Ali Akbar Salehi, Vice President of the Islamic Republic of Iran and Head of Iran’s Atomic Energy Organization, delivers his statement at the 54th Regular Session of the IAEA General Conference. IAEA, Vienna, Austria, 20 September 2010. (Dean Calma/International Atomic Energy Agency)

The European Union has approved fresh sanctions on Iran’s intelligence services and two Iranian nationals, after accusing Tehran of being behind plots to assassinate regime opponents on European soil, officials said on January 8.

Tehran denied the claim, saying the accusations were aimed at damaging relations between Iran and the EU.

An EU spokesman said that the identities of those hit with asset freezes and travel bans will be announced on January 9.

The EU accuses them of attempting — or carrying out — attacks against Iranian government opponents on Danish, Dutch, and French soil.

Danish Prime Minister Lars Lokke Rasmussen welcomed the move as “very encouraging.”


Iranian Foreign Minister Mohammad Javad Zarif hit back at the sanctions on Twitter, decrying the fact that several European countries have provided shelter to a banned Iranian opposition group, Mujahedeen-e Khalq, (MEK).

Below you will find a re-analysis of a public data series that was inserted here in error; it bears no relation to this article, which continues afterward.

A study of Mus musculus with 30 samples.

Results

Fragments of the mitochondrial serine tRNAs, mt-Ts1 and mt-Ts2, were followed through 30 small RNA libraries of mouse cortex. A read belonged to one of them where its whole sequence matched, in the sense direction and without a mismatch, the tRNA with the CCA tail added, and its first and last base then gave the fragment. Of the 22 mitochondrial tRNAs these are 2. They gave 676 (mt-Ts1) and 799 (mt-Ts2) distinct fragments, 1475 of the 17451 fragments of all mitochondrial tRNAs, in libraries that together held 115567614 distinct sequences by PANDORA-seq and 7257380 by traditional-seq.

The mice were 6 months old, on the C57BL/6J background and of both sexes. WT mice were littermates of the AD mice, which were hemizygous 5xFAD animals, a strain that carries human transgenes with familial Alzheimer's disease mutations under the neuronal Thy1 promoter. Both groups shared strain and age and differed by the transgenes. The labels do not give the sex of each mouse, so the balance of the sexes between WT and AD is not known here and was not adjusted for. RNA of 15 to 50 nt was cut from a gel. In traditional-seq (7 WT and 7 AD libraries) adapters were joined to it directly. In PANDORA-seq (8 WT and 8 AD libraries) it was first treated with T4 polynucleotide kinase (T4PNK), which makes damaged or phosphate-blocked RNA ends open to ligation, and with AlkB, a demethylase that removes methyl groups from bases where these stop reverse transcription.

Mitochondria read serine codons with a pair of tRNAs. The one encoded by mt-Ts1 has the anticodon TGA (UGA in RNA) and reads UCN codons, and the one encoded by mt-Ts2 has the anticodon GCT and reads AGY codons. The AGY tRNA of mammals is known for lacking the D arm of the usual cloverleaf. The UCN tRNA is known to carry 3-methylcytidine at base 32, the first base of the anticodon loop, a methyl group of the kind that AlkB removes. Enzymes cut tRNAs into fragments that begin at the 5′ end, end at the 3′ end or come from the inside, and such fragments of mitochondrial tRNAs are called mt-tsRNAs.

The Dutch government said on January 8 that it had “strong indications” that Iran was involved in the killings of two Dutch nationals of Iranian origin in 2015 and 2017. Both were opponents of the Iranian regime.

In October, Danish police accused Iranian authorities of planning to carry out attacks in Denmark on Iranian exiles belonging to a banned opposition group, the Arab Struggle Movement for the Liberation of Ahvaz.

Also in October, France accused Iranian intelligence of being behind a plot to bomb a rally of Iranian opposition groups in Paris in June.

The alleged plots have strained relations between Tehran and the European Union, which has been working hard to preserve the 2015 nuclear deal, after U.S. President Donald Trump pulled Washington out of the accord aimed at preventing Iran from developing a nuclear bomb.

Danish Foreign Minister Anders Samuelsen said on January 8 that the EU has managed to make a “clear difference” between the two issues.


Samuelsen made the comments ahead of a meeting attended by EU ministers for European Affairs in Brussels, where the decision to impose sanctions was formalized.

The Netherlands, Britain, France, Germany, Denmark, and Belgium met the Iranian authorities on January 8 to convey their “serious concerns” about Iran’s hostile activities on EU territory, Dutch Foreign Minister Stef Blok and Interior Minister Kasja Ollogren wrote in a joint letter.

“Iran is expected to cooperate fully in removing the present concerns and, where necessary, aiding in criminal investigations,” the letter said.

The letter also threatened further sanctions if Tehran does not cooperate.